HETAS members can get 50% off the monthly Which? Trusted Trader endorsement fee for the first six months* if they become endorsed.
Only trustworthy traders who meet our high standards can become Which? Trusted Traders. All applicants will have to pass our rigorous assessment process and agree to follow our Code of Conduct.
Those who make the grade will be able to use our endorsement logo, giving customers confidence when looking for someone to work on their home, and helping traders stand out from their competitors.
Eligibility criteria and terms and conditions apply.
‘Giving consumers confidence’
We recently caught up with HETAS member, Daniel from Regency Gas Services to see what he has to say about his Which? Trusted Trader endorsement:
"I initially chose to join Which? Trusted Traders because of our link with HETAS, who we have been members of for nearly 10 years . I am familiar with the Which? brand and felt that it would give our customers extra confidence in what we do.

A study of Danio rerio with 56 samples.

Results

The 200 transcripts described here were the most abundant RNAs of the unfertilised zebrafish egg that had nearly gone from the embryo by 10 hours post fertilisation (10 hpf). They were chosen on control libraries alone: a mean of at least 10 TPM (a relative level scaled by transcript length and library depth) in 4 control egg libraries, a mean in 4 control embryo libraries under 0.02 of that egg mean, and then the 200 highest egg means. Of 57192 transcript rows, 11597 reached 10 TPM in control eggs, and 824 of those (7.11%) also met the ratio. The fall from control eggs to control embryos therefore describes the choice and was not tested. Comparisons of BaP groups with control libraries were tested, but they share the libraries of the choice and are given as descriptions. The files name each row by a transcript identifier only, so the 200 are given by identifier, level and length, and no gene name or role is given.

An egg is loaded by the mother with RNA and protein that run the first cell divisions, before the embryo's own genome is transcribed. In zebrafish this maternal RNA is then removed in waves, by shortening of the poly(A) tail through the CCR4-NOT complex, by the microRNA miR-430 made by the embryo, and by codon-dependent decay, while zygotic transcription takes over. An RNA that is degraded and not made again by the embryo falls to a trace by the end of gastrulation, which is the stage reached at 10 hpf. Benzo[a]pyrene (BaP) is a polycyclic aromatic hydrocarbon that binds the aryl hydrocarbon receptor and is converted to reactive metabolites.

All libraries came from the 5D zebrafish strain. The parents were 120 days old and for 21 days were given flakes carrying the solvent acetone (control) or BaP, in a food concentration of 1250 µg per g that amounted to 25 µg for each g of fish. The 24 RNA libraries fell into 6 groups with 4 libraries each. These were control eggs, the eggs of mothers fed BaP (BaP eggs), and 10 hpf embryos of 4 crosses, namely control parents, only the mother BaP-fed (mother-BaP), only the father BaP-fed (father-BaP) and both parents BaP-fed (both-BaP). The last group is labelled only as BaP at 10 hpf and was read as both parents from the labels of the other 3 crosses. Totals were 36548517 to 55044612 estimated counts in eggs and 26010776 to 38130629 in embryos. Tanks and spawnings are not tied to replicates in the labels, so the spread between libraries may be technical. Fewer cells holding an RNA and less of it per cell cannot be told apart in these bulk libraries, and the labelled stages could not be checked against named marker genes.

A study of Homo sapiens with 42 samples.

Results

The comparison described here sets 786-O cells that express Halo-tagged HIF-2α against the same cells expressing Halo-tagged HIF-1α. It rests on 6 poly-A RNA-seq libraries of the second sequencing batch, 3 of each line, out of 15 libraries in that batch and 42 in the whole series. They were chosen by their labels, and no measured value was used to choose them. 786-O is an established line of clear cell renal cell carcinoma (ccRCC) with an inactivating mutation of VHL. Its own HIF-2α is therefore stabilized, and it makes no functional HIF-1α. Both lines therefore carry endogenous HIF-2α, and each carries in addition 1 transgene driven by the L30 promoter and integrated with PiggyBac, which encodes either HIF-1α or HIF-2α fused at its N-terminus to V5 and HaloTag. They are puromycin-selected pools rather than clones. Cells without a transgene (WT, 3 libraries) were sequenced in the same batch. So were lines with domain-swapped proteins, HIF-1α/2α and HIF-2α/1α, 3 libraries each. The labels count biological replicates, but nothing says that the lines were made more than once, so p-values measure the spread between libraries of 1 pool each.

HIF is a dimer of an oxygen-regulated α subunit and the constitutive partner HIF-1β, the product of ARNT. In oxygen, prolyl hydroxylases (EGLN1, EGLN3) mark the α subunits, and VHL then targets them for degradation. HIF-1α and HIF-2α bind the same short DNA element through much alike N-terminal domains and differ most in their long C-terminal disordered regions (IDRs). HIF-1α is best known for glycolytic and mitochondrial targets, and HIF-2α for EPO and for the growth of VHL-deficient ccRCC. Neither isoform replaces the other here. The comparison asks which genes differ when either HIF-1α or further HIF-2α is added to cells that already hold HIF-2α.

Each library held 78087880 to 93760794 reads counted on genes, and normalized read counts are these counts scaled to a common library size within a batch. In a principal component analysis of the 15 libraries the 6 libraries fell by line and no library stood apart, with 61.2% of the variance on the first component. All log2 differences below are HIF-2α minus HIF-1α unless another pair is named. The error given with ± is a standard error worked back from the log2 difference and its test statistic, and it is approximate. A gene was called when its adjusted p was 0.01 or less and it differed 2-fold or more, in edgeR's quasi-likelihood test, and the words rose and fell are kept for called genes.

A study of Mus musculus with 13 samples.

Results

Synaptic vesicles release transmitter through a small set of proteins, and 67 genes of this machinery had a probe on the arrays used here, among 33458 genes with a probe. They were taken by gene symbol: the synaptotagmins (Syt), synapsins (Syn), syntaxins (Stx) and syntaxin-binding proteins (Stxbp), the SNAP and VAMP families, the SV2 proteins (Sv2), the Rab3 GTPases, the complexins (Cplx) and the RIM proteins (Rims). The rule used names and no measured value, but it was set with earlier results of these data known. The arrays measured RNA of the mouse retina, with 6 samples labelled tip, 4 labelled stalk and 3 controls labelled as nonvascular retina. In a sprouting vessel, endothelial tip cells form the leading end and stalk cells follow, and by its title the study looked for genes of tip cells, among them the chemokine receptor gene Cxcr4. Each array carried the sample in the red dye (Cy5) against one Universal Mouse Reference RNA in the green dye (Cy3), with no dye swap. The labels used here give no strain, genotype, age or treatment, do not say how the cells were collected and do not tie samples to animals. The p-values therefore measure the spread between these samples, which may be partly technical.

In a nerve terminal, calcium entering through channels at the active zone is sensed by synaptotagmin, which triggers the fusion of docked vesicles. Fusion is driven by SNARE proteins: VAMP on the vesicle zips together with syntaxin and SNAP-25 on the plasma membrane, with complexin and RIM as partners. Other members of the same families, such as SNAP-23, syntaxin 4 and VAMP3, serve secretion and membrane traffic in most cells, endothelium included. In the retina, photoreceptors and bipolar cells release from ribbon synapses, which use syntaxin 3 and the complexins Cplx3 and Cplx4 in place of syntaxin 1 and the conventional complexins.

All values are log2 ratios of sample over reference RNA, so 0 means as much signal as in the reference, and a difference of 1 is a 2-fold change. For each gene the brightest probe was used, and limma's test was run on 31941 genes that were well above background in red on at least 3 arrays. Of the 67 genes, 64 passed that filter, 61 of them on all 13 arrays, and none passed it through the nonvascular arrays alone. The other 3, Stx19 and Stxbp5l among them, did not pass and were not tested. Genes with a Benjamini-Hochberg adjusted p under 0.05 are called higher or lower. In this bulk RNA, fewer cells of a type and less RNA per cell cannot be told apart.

The assessment process was thorough and their rigorous checks gave us the confidence in the businesses that are accepted onto the scheme. Over the years, we have had many customers contact us because of our endorsement with lots of customers saying they would only choose a Which? Trusted Trader".
What is HETAS?
HETAS and Woodsure support cleaner and safer choices for the use of biomass and other solid fuels, appliances and associated technologies.
HETAS is the only specialist certification organisation in the biomass and solid fuel sector offering a complete range of schemes and approvals, including installers, retailers, chimney sweeps, servicing technicians, appliances and fuels.
HETAS chief executive, Bruce Allen, said: ‘HETAS has a strong brand for safety and compliance in the wood, biomass and solid fuel sector. The Which? brand is highly recognised for being a champion for consumers and consumer protection.
‘We are delighted to work together to give consumers high levels of confidence in HETAS-registered installers and their business practices.’